Cisco Security Alerts Serve As VoIP Wake-Up Call

Cisco's revelation last week of two security alerts and fixes for CallManager, the processing component of its voice-over-IP technology, is a reminder that there's no getting around VoIP's vulnerability.



Cisco Systems' revelation last week of two security alerts and fixes for CallManager, the processing component of its voice-over-IP technology, reminds us that while VoIP offers all sorts of benefits, there's no getting around its vulnerability as a software application.

CallManager's vulnerability to denial-of-service attacks--which could prevent legitimate users from accessing a VoIP network--and attacks that would let users increase their access privileges seem mild compared with threats aimed at stealing customer data or blocking Web-site access. But as more voice communication travels over the Internet, reducing that threat becomes increasingly important. Infonetics Research predicts spending on VoIP will grow from $1.2 billion in 2004 to $23 billion in 2009.

Cisco CallManager extends business telephony functions to IP phones, media-processing devices, VoIP network gateways, and multimedia apps. The denial-of-service and privilege-escalation vulnerabilities, for which patches are available, affect CallManager 3.2 and earlier, and some versions of CallManager 3.3, 4.0, and 4.1.

Cisco's Telecom Momentum
18%
Cisco's share of the office-telephone-system market
30,000
The number of its VoIP customers
7 million
The number of VoIP phones Cisco has sold
Like Microsoft in the software market, Cisco is likely to be the main target of VoIP hackers because of its market-share leadership. A Synergy Research Group report issued last week indicates that Cisco's IP telephony technology accounted for 18% of the office-telephone-system market over the past year, with more than 30,000 customers and 7 million phones sold since it entered the market six years ago.

Another danger lies in IT staff inexperience: Voice over IP hasn't been much of a target for hackers, and gaining the security know-how to protect those networks may not be top of mind during deployments, says Ofir Arkin, chief technology officer of network-management company Insightix Ltd. and a board member of the Voice over IP Security Alliance, a collection of networking and security vendors, researchers, and academics. "To knock off a voice-over-IP infrastructure is easier than traditional calls," he adds. "We all need to take these as very serious things, because if you want to dial 911, and you can't, this is life-threatening."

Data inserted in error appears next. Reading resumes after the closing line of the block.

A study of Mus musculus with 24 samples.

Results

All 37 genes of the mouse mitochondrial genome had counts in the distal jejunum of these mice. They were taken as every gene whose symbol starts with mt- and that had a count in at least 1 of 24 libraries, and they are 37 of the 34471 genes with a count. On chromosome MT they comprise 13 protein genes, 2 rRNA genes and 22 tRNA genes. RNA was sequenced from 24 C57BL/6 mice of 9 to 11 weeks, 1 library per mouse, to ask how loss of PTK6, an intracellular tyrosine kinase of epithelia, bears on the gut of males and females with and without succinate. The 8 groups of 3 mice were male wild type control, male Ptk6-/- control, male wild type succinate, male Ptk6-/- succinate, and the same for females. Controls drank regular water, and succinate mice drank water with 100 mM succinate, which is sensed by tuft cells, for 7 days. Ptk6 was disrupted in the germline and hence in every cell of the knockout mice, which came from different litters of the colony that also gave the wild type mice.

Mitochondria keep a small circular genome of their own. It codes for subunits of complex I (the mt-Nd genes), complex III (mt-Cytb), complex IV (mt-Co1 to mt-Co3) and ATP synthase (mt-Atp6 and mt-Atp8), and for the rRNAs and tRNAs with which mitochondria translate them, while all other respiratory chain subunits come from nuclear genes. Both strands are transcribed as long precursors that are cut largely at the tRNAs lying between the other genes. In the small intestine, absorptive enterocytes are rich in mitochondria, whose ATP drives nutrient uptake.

Most VoIP attacks to date have been against specific phones and directed at stealing service or altering configurations to make the phones act strangely. Last July, Internet Security Systems Inc.'s X-Force research team posted an alert that Cisco CallManager included bugs that attackers could exploit to create what's known as a heap overflow to crash a system or gain unauthorized access. In 2002, vulnerabilities emerged in several Pingtel Corp. Session Initiation Protocol-based phones that allowed denial-of-service attacks, manipulation of SIP signaling, and unauthorized remote access to phones.

Be Prepared

Businesses can help protect their VoIP networks by segmenting their voice and data traffic using a virtual LAN, says Kevin Flynn, senior manager for Cisco IP communications and wireless security technology marketing. "If an attack occurs on the data network and there's good segmentation, the voice traffic will be fine," he says. The problem with a virtual LAN, however, is that virtual segmentation won't protect data and voice traffic if the networking equipment itself is attacked and taken down.

These concerns are only beginning to be felt among businesses using VoIP. Ruth Harenchar, CIO of legal-services staffing firm Hobart West Group, says she's never heard of any VoIP-specific attacks. Still, her company takes standard security measures with all its IP traffic, including voice. "We're pretty confident, so we think we're OK from the standpoint of the voice traffic," she says. Yet it only takes one nasty, well-publicized VoIP attack to have businesses wondering if they've done enough.